As you approach your decision to enroll in your Masters of Business Administration program, you’ve got to consider an important question: should I specialise or should I generalise?

There isn’t an answer that fits everyone, but with a little guidance and some self-reflection, you should be able to choose the path that’s best for you. In this guide, we’ll look at several factors to consider.

Career Goals

What you plan to do with your degree bears a large weight on whether you decide to specialise or not. If you have a clear idea of what it is you want to do for a living, or how you want to advance in your current organisation, than an MBA specialist may be the best direction to take.

For example, if you’ve always wanted to start your own business, you would probably feel most fulfilled with an entrepreneurship specialty. Likewise, if you are currently working in the marketing department of a well-established company and have plans to seek upper management, choosing a Master of Business Administration (Marketing) may be best for you.

If, on the other hand, you don’t have a firm grasp on what your career goals are, you would leave more doors open with a generic MBA. Specialising forces you down a specific path, but if you aren’t one to be pigeonholed, you don’t have to decide your career goals too early.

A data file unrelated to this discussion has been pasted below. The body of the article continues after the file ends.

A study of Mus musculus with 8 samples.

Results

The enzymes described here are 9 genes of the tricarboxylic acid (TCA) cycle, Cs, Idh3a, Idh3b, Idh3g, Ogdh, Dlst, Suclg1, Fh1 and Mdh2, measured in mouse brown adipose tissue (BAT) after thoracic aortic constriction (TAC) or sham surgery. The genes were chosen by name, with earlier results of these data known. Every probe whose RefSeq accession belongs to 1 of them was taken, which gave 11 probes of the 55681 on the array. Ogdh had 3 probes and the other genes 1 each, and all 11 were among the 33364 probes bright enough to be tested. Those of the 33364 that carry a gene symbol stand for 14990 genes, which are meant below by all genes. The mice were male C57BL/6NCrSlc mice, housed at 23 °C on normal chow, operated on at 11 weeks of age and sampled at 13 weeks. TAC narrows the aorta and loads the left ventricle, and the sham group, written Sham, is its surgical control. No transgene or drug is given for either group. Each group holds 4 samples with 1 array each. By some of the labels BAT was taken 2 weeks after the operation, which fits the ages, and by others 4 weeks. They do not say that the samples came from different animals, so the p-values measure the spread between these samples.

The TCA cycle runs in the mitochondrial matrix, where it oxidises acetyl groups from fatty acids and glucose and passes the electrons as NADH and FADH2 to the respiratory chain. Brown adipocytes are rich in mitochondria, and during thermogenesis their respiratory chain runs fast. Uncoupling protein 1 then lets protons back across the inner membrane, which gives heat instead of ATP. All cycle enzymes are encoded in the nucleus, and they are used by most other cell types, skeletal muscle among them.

General Managerial Training

For those people seeking to become general managers within an organisation, you may be better off not specialising. This is because the generalist will have a better understanding of all aspects of business management rather than just a specific concentration. The specialist may rise to upper ranks within their department, but a generalist will have a better chance of performing well at managing many different types of employees. Compare MBAs from over 40 Australian business schools.

Length of Program

Shorter MBA programs have a tendency to not offer specialisation tracks. Therefore, the time you have to pursue your MBA may force you down one path or the other. If you are pursuing a quick, 1-year program, you may have no choice other than a generic MBA. Specialising will likely require you to enroll in a longer program, but you should always check your institution of choice for the exact details.

If you think you can decide whether you want to generalise or specialise, the next logical step is to find your MBA by searching our database of almost 100 MBA programs throughout Australia.